ROBBERY incidents dipped sharply since 2016 and continued its decline slowly during the second half of 2017," the Philippine National Police (PNP) reported.

Robbery incidents was down 23.61 percent from 18,259 in January to October 2016 to 13,948 cases in the same period 2017, nationwide.

Robbery cases dropped to an all-time low in the past 22 months in October 2017 at just 1,295.

The downtrend was reported in all Police Regional Offices.

This is good news, and we can only hope that this trend continues.

The police has a lot to do with this declining number -- police visibility and response discourages robbers from going about their business with impunity.

We have seen the worst in the recent years, when there was even a rise in bag-snatching committed by motorcycle riding robbers. Those are in the past now, and we are glad.

It matters indeed when government looks out for the benefit of the greater majority, the common people, and we can only throw in our support for the Administration, which has consistently cracked the whip on erring policemen while constantly encourages them to do their jobs instead of joining the criminal world as many policemen have been doing in the past.

What we are seeing is the return of pride to the uniformed career, as we have been witnessing this in Davao City. Where the uniformed as looked up to as key components of the community, and they are reminded over and over again of their noble role in enforcing the law, a return to nobility is harvested.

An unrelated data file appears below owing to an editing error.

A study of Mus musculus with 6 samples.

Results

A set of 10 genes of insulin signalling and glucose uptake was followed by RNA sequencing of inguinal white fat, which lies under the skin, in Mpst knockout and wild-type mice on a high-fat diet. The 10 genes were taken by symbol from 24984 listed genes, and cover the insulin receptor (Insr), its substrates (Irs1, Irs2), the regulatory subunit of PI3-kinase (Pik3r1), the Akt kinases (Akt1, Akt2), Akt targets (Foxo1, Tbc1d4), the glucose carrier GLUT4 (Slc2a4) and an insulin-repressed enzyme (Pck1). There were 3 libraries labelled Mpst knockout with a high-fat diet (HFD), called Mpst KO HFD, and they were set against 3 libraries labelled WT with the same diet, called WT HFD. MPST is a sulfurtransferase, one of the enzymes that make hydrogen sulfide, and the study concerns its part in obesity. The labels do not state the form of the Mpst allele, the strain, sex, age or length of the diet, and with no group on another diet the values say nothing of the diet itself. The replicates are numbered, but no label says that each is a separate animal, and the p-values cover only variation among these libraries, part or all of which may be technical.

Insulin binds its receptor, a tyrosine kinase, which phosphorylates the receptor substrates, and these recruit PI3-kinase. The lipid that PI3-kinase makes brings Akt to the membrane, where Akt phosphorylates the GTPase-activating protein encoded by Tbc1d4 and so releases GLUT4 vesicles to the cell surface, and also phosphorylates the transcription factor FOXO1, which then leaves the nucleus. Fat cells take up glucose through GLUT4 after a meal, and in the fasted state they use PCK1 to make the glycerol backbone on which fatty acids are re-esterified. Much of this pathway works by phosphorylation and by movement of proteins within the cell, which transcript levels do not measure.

Kudos to the police and may this not be a glitch in your regular performance.

Meanwhile, we read with trepidation the news about two former Customs men linked to the entry of P6-billion worth of shabu to the Philippines who were given new appointments by President Rodrigo R. Duterte.

Based on appointment papers signed on November 6 but released by Malacañang on Friday, November 10, Gerardo Gambala was named Director IV of the Office of Transportation Security while Milo Maestrecampo was appointed as Assistant Director General IV of the Civil Aviation Authority of the Philippines, the Sun.Star Philippines reported.

Both former mutineers of the Magdalo group in 2003, Gambala was a Customs deputy commissioner while Maestrecampo was Import Assistant Service director at the Bureau of Customs, when the controversy over the P6.4-billion illegal drugs shipment erupted.

There was no other explanation outside the report that they have new posts, and so we beam our focus on this to see how things will shape up. Suffice it to say, we find this disgusting pending a clearer picture of how this came to be.